EDINBURGH’s fine form this season has come with an asterisk attached.

By their own admission, the URC fixture list has been kind to them in the first half of the season, so while they are currently top of the league, they are well aware that there are far tougher tests to come.

Granted, they claimed an outstanding victory against their most illustrious opponents so far in this campaign - former European champions Saracens, in last month’s opening Challenge Cup Pool C game - but Saturday’s second match in the competition against London Irish proved to be a sobering reality check. The 21-20 scoreline certainly suggests that the match at the Brentford Community Stadium was a tight contest, as does the fact that Edinburgh only fell behind for the first but decisive time with a couple of minutes to go. But in reality they played second fiddle in many departments of the game for much of the time, and might well have fallen out of the running long before the end had it not been for some magnificent defence.  

London Irish scored three tries, through former Edinburgh winger Kyle Rowe, prop Ollie Hoskins and finally replacement Olly Cracknell, all converted by Paddy Jackson. But they also had a handful chalked off and should arguably have converted more chances than they did. 

Edinburgh scored two in the first half. Hooker Adam McBurney gave them the lead, Ramiro Moyano grabbed the second, Emiliano Boffelli converted both and Jaco van der Walt added a penalty. But they rarely threatened in a second half which saw them score only three points through another Van der Walt award. 

Moyano, who along with fellow-Argentina international Emiliano Boffelli has enjoyed an exceptional start with his new team, injured his achilles in the act of scoring and was unable to play on. When he went off the field, much of his team’s creativity seemed to go with him. The winger is now a doubt for the coming games, starting on Friday when Brive visit the DAM Health stadium. 

In brief, it was a chastening afternoon, although afterwards McBurney suggested that a defeat of that nature could be a far more useful lesson for his team than any straightforward victory would have been.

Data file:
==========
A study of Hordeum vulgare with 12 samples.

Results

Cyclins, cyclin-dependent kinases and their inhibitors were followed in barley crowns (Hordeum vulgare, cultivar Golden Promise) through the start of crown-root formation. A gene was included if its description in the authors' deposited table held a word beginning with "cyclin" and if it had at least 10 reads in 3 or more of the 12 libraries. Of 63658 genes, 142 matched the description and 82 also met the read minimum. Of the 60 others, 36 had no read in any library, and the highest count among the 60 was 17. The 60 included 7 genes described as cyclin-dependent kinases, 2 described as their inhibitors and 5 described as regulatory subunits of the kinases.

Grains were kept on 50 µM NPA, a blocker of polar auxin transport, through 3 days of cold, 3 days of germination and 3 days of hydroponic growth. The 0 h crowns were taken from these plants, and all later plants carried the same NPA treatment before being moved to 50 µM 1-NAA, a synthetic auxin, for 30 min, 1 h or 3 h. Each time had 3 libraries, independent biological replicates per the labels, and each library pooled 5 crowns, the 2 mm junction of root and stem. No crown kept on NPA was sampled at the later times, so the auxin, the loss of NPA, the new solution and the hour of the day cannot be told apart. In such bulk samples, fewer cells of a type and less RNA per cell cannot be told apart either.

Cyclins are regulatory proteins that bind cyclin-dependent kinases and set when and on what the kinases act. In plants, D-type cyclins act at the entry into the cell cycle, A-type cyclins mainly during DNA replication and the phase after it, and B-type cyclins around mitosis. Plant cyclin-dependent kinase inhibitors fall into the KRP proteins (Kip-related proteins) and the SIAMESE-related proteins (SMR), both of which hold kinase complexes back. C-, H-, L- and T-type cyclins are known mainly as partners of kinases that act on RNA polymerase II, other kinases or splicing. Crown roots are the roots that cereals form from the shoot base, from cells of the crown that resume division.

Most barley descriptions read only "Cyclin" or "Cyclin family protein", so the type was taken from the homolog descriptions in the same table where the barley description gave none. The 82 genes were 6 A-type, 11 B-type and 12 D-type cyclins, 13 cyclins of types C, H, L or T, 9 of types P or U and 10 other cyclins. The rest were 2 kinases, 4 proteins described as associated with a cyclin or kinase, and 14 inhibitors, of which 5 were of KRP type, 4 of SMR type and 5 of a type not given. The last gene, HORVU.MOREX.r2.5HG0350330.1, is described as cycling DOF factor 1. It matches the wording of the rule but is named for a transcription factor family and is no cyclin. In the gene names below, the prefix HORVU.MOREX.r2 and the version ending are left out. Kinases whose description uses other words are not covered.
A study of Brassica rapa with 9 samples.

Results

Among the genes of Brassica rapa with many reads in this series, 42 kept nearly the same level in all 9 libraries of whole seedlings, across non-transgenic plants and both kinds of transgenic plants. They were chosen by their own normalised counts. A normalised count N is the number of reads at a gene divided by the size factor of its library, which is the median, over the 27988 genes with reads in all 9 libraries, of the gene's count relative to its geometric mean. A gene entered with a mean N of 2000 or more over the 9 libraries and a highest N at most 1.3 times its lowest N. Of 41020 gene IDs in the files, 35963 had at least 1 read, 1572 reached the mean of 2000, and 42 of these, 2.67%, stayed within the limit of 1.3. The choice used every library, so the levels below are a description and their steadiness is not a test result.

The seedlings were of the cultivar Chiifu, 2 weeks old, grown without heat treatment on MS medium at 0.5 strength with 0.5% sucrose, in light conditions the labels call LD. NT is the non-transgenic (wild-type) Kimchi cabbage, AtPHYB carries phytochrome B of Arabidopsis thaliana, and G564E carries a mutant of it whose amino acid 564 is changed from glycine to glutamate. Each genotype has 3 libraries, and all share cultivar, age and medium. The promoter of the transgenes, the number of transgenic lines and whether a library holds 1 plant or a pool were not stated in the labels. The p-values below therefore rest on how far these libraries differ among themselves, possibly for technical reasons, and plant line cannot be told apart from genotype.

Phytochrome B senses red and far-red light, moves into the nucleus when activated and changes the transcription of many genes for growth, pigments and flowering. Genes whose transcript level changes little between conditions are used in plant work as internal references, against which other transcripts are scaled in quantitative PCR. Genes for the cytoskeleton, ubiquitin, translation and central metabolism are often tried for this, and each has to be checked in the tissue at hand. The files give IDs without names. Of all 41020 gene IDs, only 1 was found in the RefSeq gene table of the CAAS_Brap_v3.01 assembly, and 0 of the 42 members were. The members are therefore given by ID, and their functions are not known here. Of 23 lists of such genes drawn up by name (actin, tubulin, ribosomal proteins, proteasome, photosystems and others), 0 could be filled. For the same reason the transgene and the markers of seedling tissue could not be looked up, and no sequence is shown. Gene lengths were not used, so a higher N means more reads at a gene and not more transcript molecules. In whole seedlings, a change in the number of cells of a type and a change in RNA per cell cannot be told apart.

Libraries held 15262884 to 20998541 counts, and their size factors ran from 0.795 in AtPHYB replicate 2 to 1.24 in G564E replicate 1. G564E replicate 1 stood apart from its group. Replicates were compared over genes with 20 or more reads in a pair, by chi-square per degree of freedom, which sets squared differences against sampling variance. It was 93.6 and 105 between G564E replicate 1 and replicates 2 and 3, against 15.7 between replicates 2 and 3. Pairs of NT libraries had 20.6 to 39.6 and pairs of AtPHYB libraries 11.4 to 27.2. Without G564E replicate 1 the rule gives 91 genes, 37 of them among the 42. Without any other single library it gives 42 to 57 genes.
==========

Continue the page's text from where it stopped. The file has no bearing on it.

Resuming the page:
“Thankfully this week we’ve got a chance to have another bite at the cherry,” he said. “Going into the next couple of games and later on in the season, I think this game will actually stand us in very good stead, because we will learn a lot of things - and if we had won the game it would have been very easy to brush it under the carpet and maybe not take those learnings.

“We’re all just trying to build something here and play maybe a different brand of rugby that we haven’t in the past. It doesn’t just happen overnight - it does take a bit of time. You’re not just going to keep winning games comfortably: you need to go through these hardship games to actually learn.

“It’s not a case of us going back to the drawing board and rewriting something: there was some really good stuff we did out there and we know that. I think there were just moments in the game when we needed to be a bit more clinical so that we learn from them the next time we’re in those positions.”

One such moment came when Irish hit back all too easily through Rowe immediately after McBurney’s try, and although that might be put down to a momentary loss of concentration, a longer lapse followed the second-half sending-off of Agustin Creevy for headbutting Jamie Ritchie. It was only a glancing blow on the Edinburgh player, who did not need an HIA, but it appeared to have a more destabilising effect on his team - and a galvanising one on Irish, who from that point redoubled their efforts to get back on terms.

It was forward power that won it in the end, but earlier in the game it was the home team’s wide men who posed the greatest threat. In fact, although Edinburgh’s back division have deservedly been heaped with praise this season for their attacking verve, the outstanding players behind the scrum - certainly once Moyano had departed - were the two home wingers. 

On the left, Ollie Hassell-Collins must now be close to a place in the England squad, while on the right former Edinburgh player Rowe appears likely to be named by Gregor Townsend in his Scotland squad on Wednesday. An under-20 international, Rowe only made one appearance for Edinburgh at the end of last season before moving to London, and has thrived since.

“I don’t really want to say anything about that,” he said when asked if Townsend had been in touch. “I feel I’m in good form. If it comes about that I’m in the training squad or whatever, then class. If I’m not, I’m pretty happy down here just taking every game as it comes and doing what I’m doing.”